Could mobile apps replace the traditional business card

There are those who suggest that the business card is a dead technology – a card that primarily aims to provide a link to a website in the opinion of some. However – perhaps we shouldn’t be worrying so much about whether or not the business card is in itself advanced enough to continue when there are so many ways iPhone apps have helped to improve the way we use a business card, without getting rid of the business card itself.  It is now common culture to exchange business cards with people you meet, especially at dedicated networking type events and expo meetings. It can be very handy to simply give someone all your details in one go with an object they can keep and refer back to in the future. Swapping business cards with someone is also a great technique for avoiding awkwardness and breaking the ice when you first meet. It is a great way to learn someone’s business, as well reminding yourself of their name as it is usually on the card they have just given you.

traditional business card

Why should we keep the business card?

A physical card is something we like. It works and it has for years. There are no problems as such with the business card other than the fact we tend to misplace them quite so frequently, but even this is not an issue we tend to consider a problem as such. In a world that is being quickly taken over by technology in every possible way, it is somewhat nice to have a physical, paper-based professional item that still functions in life. From communication to transport, a lot of things are now dealt with on your mobile device, there are few people now without one, however there are a number of different types, with different operating systems, apps and specifications, so the changes of finding an alternative to the business card that would work for literally everyone the way the business card does – that simply isn’t going to happen.

What could you do? There are those who have a QR code on their business card, often directing the user to the business website. It’s a quick and easy solution, but you will still need to use a mobile phone with a camera, QR code app and internet connectivity (like I said, specifications). If someone wants to access the website on their computer or doesn’t have a mobile device to this standard they will need to type the address out the old fashioned way. Make sure you don’t replace the web address with just a QR code.

So – you certainly shouldn’t stop carrying your business cards around with you, particularly to any networking events you happen to attend, but you may want to give some of the latest Business Card Maker apps a try.


There are two versions of CamCard – free and business. The full (business) version only costs £0.69, which isn’t bad for what the app gives you, of course this is most beneficial if dealing with other people who have the app but can actually be very helpful regardless. The app allows you to take a photo of the business card in question, it will store all of the information and allow you to keep that data safe and secure on your mobile device.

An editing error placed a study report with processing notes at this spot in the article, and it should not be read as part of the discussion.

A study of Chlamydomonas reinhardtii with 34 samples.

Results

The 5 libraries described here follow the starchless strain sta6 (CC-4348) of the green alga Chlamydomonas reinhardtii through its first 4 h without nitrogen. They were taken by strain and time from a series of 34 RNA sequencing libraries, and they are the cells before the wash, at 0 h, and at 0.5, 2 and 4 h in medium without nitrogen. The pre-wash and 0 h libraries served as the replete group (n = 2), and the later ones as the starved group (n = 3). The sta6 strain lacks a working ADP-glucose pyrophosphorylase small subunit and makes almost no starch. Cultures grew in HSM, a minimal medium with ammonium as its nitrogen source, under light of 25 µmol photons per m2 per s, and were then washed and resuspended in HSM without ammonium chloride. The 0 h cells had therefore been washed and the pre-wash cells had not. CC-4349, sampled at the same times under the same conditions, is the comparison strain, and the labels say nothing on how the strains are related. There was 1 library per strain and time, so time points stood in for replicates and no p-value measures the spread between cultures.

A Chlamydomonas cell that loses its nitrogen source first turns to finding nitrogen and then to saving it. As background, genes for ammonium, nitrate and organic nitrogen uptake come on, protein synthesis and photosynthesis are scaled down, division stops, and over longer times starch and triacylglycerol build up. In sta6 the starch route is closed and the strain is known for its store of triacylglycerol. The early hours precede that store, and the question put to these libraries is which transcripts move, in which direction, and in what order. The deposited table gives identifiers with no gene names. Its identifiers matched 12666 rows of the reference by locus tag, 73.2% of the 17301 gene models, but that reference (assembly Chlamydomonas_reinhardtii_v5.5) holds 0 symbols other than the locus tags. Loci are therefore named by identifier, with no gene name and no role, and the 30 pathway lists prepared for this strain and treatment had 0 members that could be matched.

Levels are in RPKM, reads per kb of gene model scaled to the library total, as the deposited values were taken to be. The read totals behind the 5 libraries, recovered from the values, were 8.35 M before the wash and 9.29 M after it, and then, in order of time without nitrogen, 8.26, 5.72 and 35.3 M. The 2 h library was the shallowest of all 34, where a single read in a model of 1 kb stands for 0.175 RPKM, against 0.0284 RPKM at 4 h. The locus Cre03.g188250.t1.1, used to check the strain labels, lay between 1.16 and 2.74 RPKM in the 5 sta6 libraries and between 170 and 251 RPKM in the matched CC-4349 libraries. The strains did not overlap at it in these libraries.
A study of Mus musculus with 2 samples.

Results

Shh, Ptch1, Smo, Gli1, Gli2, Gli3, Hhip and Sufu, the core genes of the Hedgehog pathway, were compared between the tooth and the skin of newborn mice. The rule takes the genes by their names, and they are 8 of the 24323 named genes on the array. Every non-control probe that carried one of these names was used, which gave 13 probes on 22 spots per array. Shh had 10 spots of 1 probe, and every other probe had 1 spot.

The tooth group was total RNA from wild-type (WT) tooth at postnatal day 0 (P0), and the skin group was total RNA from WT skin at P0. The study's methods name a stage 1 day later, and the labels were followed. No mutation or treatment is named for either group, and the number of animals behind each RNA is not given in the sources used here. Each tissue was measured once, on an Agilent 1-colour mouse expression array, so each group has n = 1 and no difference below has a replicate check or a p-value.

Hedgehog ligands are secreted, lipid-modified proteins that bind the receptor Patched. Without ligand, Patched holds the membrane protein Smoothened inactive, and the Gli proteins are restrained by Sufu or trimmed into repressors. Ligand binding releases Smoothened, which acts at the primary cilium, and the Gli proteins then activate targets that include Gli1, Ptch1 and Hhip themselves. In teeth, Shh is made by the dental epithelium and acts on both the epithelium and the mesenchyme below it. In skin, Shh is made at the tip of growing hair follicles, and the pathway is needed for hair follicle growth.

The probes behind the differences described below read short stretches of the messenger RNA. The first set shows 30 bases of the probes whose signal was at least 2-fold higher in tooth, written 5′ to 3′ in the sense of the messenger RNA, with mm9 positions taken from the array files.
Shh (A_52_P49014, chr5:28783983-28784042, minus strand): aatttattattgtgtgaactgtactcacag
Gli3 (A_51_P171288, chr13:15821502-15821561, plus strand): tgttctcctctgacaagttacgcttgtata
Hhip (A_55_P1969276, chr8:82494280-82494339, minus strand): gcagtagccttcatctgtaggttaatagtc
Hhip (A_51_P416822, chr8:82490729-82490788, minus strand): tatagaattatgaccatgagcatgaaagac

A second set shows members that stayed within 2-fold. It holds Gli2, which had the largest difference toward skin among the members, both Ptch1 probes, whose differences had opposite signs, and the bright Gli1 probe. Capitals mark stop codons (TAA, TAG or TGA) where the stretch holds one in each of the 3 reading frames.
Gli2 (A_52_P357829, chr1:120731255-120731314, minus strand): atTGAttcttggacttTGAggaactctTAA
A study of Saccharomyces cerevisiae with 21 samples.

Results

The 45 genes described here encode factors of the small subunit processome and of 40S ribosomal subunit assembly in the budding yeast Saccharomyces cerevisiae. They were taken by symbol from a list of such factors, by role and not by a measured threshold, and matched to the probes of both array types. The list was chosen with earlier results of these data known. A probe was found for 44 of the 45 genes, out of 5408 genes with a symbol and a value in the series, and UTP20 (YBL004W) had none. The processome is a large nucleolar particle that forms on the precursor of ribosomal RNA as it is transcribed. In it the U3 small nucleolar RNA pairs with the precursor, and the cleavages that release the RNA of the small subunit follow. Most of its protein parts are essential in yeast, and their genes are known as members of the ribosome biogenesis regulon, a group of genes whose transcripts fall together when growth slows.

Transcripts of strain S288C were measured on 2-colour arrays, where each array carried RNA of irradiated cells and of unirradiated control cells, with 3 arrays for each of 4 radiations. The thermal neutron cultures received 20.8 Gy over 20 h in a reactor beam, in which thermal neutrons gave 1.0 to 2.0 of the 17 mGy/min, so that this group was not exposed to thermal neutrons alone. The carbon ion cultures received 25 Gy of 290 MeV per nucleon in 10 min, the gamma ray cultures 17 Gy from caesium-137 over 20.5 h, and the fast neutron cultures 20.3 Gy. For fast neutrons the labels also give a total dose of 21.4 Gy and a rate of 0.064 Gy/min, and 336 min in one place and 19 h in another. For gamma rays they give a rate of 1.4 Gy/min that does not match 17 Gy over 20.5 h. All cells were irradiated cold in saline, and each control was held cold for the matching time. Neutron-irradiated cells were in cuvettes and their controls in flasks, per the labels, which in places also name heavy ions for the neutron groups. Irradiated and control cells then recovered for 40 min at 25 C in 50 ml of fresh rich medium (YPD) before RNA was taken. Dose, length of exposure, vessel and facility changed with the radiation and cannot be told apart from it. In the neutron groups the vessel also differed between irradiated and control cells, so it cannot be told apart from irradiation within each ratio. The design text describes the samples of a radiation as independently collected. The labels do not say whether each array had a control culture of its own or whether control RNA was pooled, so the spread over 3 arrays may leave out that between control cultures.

This is of course an excellent solution if you’re like me and you find yourself constantly losing business cards you’ve been given. The difference between the two is that with the Business version of the app you have a greater level of storage (you can keep more data in your virtual card holder) and you can customise your own business card to the extent of implementing AR. In other words you can set it up to play a video, promotional poster, and special offer or just about anything else when someone adds your business card to their card holder.


This is one that tends to be preferred by the LinkedIn users. Why? This particular app not only stores the information from the business cards but will search for matching information so that you can add your new contact on LinkedIn. Not surprisingly this particular app option was developed and produced by LinkedIn Corporation and while it is, so far, my favourite of all the business card apps I have tried (being simple, quick and no nonsense in terms of the functionality it provides) it is only available on Apple products at this time. The good news is that both Apple and Blackberry versions of the app are currently in production according to the LinkedIn team.

There are a number of others already on the market and I am confident that more will pop up over time, however I believe these to be the two of particular noteworthiness.

Kate Critchlow is a freelance writer working primarily in the technology industry but covering subject from app reviews to cheap business cards.